I didn’ t know what I was asking for

It’s been a little more than 26 months since Mason left us. Of all the blogs I’ve read and people I have spoken to, they all say that the second year is the hardest. After the shock wears off and reality starts so settle back in, that’s when you really get started. Well, we survived the second year.

Another thing I have heard from others is that there is no time table on grief. The Compassionate Friends consider you “newly” bereaved if it’s been less than 5 years. I’m still “newly” bereaved. Sometimes, I’m still in shock. Sometimes it’s not real. Sometimes, I think that my alarm clock will wake me up from a horrendously long nightmare.

Being “newly” bereaved, I am still very early on in my healing progress. The pain is still very deep. Obviously, I haven’t had the time to let it heal, but I expect at some point that the pain will be more like a soreness, a bad ache. Right now, the knife is still in my heart and it’s twisting around and around. The wound is not able to start healing just yet.

As if all this wasn’t bad enough, there is the guilt. All of this pain, all of the heartache, all of the tears, all of the sadness and all of the helplessness, I wished on someone else.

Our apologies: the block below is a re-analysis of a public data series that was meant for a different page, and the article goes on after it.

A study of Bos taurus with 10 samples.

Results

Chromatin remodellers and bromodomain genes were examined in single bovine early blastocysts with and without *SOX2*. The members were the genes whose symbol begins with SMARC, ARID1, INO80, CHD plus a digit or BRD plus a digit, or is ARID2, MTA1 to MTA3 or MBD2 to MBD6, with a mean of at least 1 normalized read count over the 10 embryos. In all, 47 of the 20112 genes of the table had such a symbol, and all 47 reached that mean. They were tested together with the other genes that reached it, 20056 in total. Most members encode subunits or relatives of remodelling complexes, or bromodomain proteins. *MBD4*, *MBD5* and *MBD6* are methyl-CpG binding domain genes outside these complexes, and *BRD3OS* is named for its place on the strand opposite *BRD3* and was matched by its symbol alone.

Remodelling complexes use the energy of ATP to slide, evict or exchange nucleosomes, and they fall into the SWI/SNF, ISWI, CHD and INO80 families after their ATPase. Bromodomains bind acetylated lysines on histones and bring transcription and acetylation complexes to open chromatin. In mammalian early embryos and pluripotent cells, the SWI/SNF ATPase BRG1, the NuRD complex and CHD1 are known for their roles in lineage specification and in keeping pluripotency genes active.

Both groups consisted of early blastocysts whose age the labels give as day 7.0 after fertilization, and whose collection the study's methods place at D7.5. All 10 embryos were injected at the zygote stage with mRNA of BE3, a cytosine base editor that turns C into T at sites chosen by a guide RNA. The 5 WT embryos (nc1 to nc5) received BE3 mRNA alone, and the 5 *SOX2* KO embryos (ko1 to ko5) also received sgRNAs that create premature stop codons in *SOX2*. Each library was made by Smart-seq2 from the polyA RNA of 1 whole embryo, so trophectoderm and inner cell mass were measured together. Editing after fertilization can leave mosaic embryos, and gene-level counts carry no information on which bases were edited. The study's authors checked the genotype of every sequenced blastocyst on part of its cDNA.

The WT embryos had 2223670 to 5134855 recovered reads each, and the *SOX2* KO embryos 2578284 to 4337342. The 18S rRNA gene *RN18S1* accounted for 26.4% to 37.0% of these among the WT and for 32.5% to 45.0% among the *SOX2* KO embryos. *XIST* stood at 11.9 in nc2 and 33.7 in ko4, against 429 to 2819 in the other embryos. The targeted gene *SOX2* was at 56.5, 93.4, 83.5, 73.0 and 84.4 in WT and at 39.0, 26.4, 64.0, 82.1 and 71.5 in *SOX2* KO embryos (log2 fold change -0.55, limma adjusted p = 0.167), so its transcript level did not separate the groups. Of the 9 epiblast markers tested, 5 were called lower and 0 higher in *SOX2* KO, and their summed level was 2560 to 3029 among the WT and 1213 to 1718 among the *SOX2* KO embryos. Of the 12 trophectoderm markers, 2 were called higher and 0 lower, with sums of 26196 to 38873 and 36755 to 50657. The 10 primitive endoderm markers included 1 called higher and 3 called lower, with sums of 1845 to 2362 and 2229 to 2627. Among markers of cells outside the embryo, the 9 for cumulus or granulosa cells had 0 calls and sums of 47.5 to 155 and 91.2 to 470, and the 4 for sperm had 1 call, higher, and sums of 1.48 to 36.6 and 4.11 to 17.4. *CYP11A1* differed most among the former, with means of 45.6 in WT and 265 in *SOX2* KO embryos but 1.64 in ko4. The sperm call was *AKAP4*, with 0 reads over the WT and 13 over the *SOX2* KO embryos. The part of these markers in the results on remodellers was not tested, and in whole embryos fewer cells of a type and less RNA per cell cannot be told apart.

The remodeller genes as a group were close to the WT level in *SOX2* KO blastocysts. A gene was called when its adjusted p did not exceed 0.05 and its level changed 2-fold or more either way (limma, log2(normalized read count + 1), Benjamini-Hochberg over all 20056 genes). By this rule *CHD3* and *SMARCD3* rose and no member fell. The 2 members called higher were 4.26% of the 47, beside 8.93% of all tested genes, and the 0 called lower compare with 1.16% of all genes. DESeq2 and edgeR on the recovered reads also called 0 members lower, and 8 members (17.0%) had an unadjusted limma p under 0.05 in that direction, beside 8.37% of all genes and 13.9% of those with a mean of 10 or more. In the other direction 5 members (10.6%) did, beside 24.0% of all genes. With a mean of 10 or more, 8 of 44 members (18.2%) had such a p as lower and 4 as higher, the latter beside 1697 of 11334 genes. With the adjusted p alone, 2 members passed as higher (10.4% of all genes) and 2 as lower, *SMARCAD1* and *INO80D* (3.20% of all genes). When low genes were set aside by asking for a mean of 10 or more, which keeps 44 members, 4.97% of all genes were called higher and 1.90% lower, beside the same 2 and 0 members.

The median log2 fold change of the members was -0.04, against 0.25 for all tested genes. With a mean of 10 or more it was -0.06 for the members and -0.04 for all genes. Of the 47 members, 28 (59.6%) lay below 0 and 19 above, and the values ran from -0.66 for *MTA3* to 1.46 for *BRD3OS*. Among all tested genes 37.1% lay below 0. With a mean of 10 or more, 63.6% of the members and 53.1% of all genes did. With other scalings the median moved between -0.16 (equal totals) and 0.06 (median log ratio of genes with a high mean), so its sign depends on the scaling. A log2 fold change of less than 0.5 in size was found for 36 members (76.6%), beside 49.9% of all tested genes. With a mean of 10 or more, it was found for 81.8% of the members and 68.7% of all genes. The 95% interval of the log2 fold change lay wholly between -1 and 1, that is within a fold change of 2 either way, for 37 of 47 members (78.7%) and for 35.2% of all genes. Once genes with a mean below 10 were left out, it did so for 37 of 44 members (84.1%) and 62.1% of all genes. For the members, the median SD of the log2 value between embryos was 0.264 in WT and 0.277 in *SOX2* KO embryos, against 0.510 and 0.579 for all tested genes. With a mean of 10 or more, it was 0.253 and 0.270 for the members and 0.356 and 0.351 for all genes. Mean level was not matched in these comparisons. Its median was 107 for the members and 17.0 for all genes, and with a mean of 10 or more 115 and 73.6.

Early in April of 2002, we found out Mason needed a heart transplant. The current route of treatment wasn’t going to be good enough and time was of the essence. I prayed every day for a heart to become available for Mason. Six months later, my prayers were answered. At that point, someone else started their life without their child. I spent six months wishing this curse on someone else. I didn’t care who, I just wanted my child to live. I wanted Mason to have a chance. And I got it.

I spent six months praying for all this to happen to someone else. Now I’ll spend forever praying for God to forgive me for asking this. I didn’t know what I was asking for. I just wanted the best for Mason.

Now I’m on the other side. I find myself telling people all the time that I hope you never have to deal with the loss of a child. “I wouldn’t wish it on anyone”, I say. Yet, twelve years ago, that’s exactly what I was doing. Would I do it again, knowing what I know now? Yes. So I guess I’m lying when I say I wouldn’t wish it on anyone. If my child’s life is on the line, I would wish it on anyone.

So, what this boils down to is just another twist of the knife for me. On one hand, I don’t want anyone to experience this. I don’t want to have to ask God to take another one of his children so that my child could live. Yet, if it came down to it again, I’d make the same request. My child is more important than anyone else’s; just as your child is more important than mine.